Deer hunting....in Fairfax City?
During a work session this Tuesday night, the City Council and Mayor will discuss the possibility of allowing limited deer hunting by bow and arrow on large tracts of land within the City, in an effort to help tame the city's overabundant deer population.
Fairfax City Mayor Scott Silverthorne told Patch, the idea came to the City as a request, specifically from the Army-Navy Country Club.
"There's no question we have a deer problem throughout the city, so the request is basically to allow, by permit, deer hunting," he explained. "It's really more of a wildlife management issue, than a hunting issue."
Mayor Silverthorne said, he realizes there are quite a few issues to take into consideration before the Council makes a decision, such as animal cruelty and moral questions related to hunting, how to enforce the rules, and whether it makes sense considering that, once the deer population is lessened and the hunting stops, it could likely just go back up again down the road.
"I have a lot of questions and a lot of concerns I need to get comfortable with before I can be supportive of this," he said.
As far as the moral questions go, Silverthorne said, his main concern is that "kills aren't guaranteed" as much with bows and arrows as they are with other means of hunting.
"So, in other words, the animals could suffer," he said.
In particular, he also wants to know that the City has thoroughly considered all other options before he lends his support to this one.
"Some people think [there are no other options], and I am hard-pressed to believe that," he said.
Therefore, at this week's work session to discuss the matter, Silverthorne said he plans to be "very vocal" in expressing his concerns and asking all of his questions.
In a staff report prepared by City Manager Bob Sisson, Sisson indicated that, currently, more than 40 counties, cities and towns in the Commonwealth of Virginia "allow some form of deer hunting to control populations in urban and suburban areas where other methods have proven ineffective or cost prohibitive."
"[Virginia code] permits localities to regulate hunting within their boundaries, but the City previously has not done so," Sisson said.
Arguing for the passage of a resolution to allow limited deer hunting by bow and arrow in Fairfax City, Sisson said, "Uncontrolled deer populations in areas without natural deer predators result in overpopulation, starvation, significant damage to trees and shrubs, and increased car/deer collisions, resulting in death/injury to vehicle occupants and deer."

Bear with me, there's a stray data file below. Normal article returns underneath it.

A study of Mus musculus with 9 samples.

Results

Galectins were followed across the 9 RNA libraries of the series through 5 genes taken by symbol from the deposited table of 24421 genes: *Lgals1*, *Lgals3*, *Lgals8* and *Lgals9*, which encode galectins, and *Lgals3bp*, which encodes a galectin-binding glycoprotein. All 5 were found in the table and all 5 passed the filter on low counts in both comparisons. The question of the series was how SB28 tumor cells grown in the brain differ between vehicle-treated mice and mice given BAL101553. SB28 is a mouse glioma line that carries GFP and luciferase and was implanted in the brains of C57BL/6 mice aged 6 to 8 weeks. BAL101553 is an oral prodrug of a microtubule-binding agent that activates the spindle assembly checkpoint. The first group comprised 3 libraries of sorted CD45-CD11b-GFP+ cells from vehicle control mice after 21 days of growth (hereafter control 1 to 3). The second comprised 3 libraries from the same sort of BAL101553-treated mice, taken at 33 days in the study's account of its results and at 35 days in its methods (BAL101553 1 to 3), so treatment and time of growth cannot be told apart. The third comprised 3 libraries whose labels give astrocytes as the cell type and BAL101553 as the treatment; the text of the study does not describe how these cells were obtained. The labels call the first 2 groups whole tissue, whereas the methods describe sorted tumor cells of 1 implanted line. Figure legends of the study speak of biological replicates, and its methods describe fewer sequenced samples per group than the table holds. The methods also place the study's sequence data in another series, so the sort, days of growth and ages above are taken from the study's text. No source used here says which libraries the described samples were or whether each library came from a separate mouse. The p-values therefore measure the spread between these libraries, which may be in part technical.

Sisson's staff report includes a sample resolution he recommends the City adopt, with certain provisions, including, among others:
- Managed deer hunts are permitted only on private property of 25 acres or more (such as the Army-Navy Country Club, and only a few other areas within Fairfax City)
- The property owner must have a valid "Kill Permit," issued by the Virginia Department of Game and Inland Fisheries.
- Only archery equipment may be used for deer hunting.
- Discharge of an arrow is only permitted to take a deer. No arrow shall be discharged toward any animal other than a deer.
- Deer hunting is not permitted in any City park or on City-owned property without the express written permission of the City Manager.
- At least seven days prior to each and every day on which a managed hunt will be conducted, the property owner shall place warning notices at every entrance to the property and at intervals of no less than 50 yards apart on every adjacent property line. The notices shall be posted continuously for the seven days prior to, and through the conclusion of, the hunt.
- Every property owner who desires to conduct a managed deer hunt must notify the City Manager in writing of the dates and times of the proposed hunt(s) and shall submit: A copy of a valid Kill Permit for the property; a property map or plat showing the locations of fixed hunting stands; and a copy of the notices to be posted on the property.
- The City Manager shall then provide a written response approving or denying the request, and may impose additional safety restrictions specific to the requested property.
This matter will be discussed during the City Council's work session, which follows the Council's regularly-scheduled meeting, this Tuesday night, June 11, beginning at 7 p.m., in the Council Chambers in Old Town Hall, 10455 Armstrong St. in Fairfax City. Members of the public are invited to attend.